We’ve seen them build on success before: they needed to fill a number of holes in their roster following the 2023 season, which saw them embark on the best regular season performance in program history, going 40-20 and winning a share of the regular season Big 12 Championship. Those holes included their entire starting outfield leaving for the MLB Draft and each of their weekend starters transferring out or graduating. They responded with the aforementioned Super Regional run, the retool becoming a resounding success.

This offseason might prove a tougher task, with future MLB Draft lottery pick JJ Wetherholt almost certainly set to leave campus along with all-time program home run leader Grant Hussey, All-American starting pitcher Derek Clark and head coach Randy Mazey, the heart and soul of the Mountaineers’ baseball program since he took the job in 2012.

Now that the Mountaineers and their fans have a taste of tournament success—2024 was their first time ever making it through the first round—it’s logical to figure out the next steps for the program, and just how far they are from an elusive bid for Omaha.

Scouting Sabins

Newly-minted head coach Steve Sabins is the first variable to take into consideration. It seems like the plan for him to succeed Mazey has been in the works for years, with former WVU Baseball stars like Jackson Wolf and Victor Scott telling me that back in 2019, they expected Sabins to take charge—and do so successfully—someday.

Sabins could endure a learning curve as the captain of a program for the first time, but he’s learned from one of the very best since joining WVU in 2016. While Mazey won’t have a gameday role anymore, he looks to remain involved with the program in some fashion, presumably just a phone call away as Sabins figures things out.

Re-Introducing Steve Sabins as Next WVU Baseball Head Coach

Another critical strength of Sabins is his ability as a recruiter – his fingerprints are all over the rosters of the past few years, the transfer portal and recruiting successes. The Mountaineers logged top-40 recruiting classes every year between 2018 and 2023, including consecutive top-25 finishes to kick off that stretch.

Recruiting isn’t everything, as the Mountaineers’ staff still needs to develop and adequately manage the talents they bring in, but in the imbalanced world of Name, Image and Likeness (NIL) deals and the transfer portal, it’s hard to get any piece of the pie without recruiting success.

Keep Doing What They’re Doing: Building Through the Portal

While most don’t look at the Mountain State and its neighbors as a premier location for recruiting young baseball talent, the WVU Baseball coaching staff has done an excellent job in recent years, finding and developing nearby stars like Wetherholt, Hussey and Logan Sauve… many of whom received entered the program as diamonds in the rough.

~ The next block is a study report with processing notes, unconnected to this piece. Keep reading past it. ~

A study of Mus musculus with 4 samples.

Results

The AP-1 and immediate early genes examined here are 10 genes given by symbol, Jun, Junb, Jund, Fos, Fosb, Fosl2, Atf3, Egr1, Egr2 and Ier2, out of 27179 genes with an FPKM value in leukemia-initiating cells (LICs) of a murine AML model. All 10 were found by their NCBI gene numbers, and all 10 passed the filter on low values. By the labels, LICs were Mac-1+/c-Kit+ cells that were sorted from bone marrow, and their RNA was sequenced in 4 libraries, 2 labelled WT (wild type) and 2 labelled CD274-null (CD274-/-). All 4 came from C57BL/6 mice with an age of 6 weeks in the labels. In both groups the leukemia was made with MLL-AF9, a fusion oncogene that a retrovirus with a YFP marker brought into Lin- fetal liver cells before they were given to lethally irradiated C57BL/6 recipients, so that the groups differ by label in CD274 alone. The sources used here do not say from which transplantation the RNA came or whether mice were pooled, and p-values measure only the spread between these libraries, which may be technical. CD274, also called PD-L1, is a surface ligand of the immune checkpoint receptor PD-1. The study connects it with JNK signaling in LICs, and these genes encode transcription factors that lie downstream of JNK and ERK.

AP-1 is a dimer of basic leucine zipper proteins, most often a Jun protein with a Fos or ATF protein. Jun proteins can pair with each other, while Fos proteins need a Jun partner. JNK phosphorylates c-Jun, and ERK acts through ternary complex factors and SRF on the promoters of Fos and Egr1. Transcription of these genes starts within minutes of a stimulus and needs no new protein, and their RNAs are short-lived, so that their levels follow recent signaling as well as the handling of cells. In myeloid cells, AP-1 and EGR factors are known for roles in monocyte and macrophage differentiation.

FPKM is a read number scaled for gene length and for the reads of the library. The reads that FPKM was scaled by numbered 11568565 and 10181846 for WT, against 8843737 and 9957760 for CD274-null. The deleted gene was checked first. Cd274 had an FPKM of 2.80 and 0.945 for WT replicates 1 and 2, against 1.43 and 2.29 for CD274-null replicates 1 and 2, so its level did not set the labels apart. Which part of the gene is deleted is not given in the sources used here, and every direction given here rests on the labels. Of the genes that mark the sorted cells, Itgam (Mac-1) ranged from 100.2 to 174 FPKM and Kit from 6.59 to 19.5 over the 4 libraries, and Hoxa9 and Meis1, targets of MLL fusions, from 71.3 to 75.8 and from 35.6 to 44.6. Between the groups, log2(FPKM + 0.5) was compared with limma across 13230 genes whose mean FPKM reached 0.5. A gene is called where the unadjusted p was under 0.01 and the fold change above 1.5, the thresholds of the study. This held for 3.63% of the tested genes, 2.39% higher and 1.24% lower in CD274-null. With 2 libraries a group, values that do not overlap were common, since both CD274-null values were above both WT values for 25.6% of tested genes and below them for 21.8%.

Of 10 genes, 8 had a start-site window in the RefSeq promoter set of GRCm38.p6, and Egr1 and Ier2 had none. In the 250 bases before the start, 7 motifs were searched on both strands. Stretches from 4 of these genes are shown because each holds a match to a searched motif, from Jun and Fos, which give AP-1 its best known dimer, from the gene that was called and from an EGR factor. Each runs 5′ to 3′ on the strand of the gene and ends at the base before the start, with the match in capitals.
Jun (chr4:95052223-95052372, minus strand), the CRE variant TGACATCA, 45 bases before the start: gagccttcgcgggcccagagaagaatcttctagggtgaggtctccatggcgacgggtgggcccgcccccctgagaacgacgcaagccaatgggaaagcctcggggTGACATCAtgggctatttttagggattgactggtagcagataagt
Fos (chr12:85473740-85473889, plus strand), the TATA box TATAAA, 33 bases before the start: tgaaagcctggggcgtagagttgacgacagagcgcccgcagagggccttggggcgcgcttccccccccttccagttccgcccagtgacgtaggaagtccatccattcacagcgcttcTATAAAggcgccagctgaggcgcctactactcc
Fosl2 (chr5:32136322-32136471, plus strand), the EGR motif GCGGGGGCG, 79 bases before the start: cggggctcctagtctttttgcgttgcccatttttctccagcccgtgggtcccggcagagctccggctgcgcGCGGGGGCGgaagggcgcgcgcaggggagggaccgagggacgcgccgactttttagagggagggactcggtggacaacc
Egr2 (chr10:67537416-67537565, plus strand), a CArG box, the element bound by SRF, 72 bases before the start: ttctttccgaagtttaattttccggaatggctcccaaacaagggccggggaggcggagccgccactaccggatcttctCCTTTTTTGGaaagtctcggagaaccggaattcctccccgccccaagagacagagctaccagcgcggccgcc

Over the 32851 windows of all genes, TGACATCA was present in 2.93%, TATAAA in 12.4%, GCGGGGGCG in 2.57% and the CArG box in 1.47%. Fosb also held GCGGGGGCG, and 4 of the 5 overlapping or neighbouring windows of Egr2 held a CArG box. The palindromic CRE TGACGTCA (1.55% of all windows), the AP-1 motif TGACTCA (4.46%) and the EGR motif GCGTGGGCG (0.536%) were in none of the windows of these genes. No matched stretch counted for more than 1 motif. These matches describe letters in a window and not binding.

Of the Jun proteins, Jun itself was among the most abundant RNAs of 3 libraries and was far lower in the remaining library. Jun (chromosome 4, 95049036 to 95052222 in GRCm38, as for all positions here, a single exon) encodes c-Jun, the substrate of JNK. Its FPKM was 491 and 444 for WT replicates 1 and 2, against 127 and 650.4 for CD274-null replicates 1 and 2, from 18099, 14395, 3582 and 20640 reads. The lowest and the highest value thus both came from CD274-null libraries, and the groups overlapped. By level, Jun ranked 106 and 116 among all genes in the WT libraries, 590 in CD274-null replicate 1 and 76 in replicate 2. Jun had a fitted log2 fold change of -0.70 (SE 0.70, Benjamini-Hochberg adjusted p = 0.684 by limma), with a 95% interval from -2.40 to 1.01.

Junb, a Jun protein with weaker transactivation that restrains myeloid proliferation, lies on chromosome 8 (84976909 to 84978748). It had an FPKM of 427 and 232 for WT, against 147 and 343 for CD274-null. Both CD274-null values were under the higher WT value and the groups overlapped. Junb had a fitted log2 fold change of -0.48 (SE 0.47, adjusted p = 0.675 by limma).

They’ve supplemented that talent with even more hidden gems out of the portal: pitchers like Blaine Traxel and Clark and position players like Caleb McNeely and Landon Wallace. This year alone, they saw major contributions from Ben Lumsden, Kyle West, Brodie Kresser and Reed Chumley—to name but a few.

Kyle West looks on as WVU played against North Carolina on June 8, 2024, in the Super Regionals of the NCAA Tournament at Boshamer Stadium in Chapel Hill, N.C. (Mitchell Northam / WV Sports Now)

Kyle West looks on as WVU played against North Carolina on June 8, 2024, in the Super Regionals of the NCAA Tournament at Boshamer Stadium in Chapel Hill, N.C. (Mitchell Northam / WV Sports Now)

Sabins and company have shown they can succeed in recruiting even in the free-for-all era of the transfer portal. They may not always compete with the Florida’s and Oklahoma’s of the world in luring top-end recruits, but they’ve found a niche that works for them and has turned into postseason win.

Sprinkle in some nationally-ranked recruits like Alek Manoah, and you have the building blocks for sustained success.

How Far Away is WVU Baseball?

With the exception of the players they’ll lose to the draft this season, WVU Baseball might be there already. Tyler Switalski (yet another portal success)’s performance on the mound in Game 2 of the Super Regional deserved a win – 7.1 innings pitched and one earned run allowed while facing the No. 4 team in the country on the road in a must-win game.

Admittedly, you can’t expect linear development from any athlete, and baseball players are perhaps one of the best examples of that fact. For every championship-worthy performance Switalski could uncork, he’d also get knocked around against Kansas and Texas Tech.

The Mountaineers’ pitching staff took their lumps this year, but quite a bit of that inconsistency came from things they couldn’t control. Clark missed roughly a month after a comebacker fractured his skull; closer David Hagaman went down for the season, while Aidan Major began the year as the Friday starter before injuries forced him into the bullpen.

They hosted a Regional in 2019 and had another chance at it in 2023 – playing playoff baseball in front of a raucous home crowd could ease their path to Omaha.

The Round Robin and best of three tournaments found in the NCAA Tournament may not possess the same level of randomness that a single-elimination tournament like March Madness boasts, but there’s still plenty of room for a team to get hot at the right time. West Virginia’s tear through the Tucson Regional this year is one such example.

A smooth handoff to begin the Sabins era, allowing the Mountaineers to capitalize on the recruiting momentum their postseason run will provide, will help WVU Baseball remain in the national discussion. This is a critical juncture for the program, but one they enter with a healthy head of steam.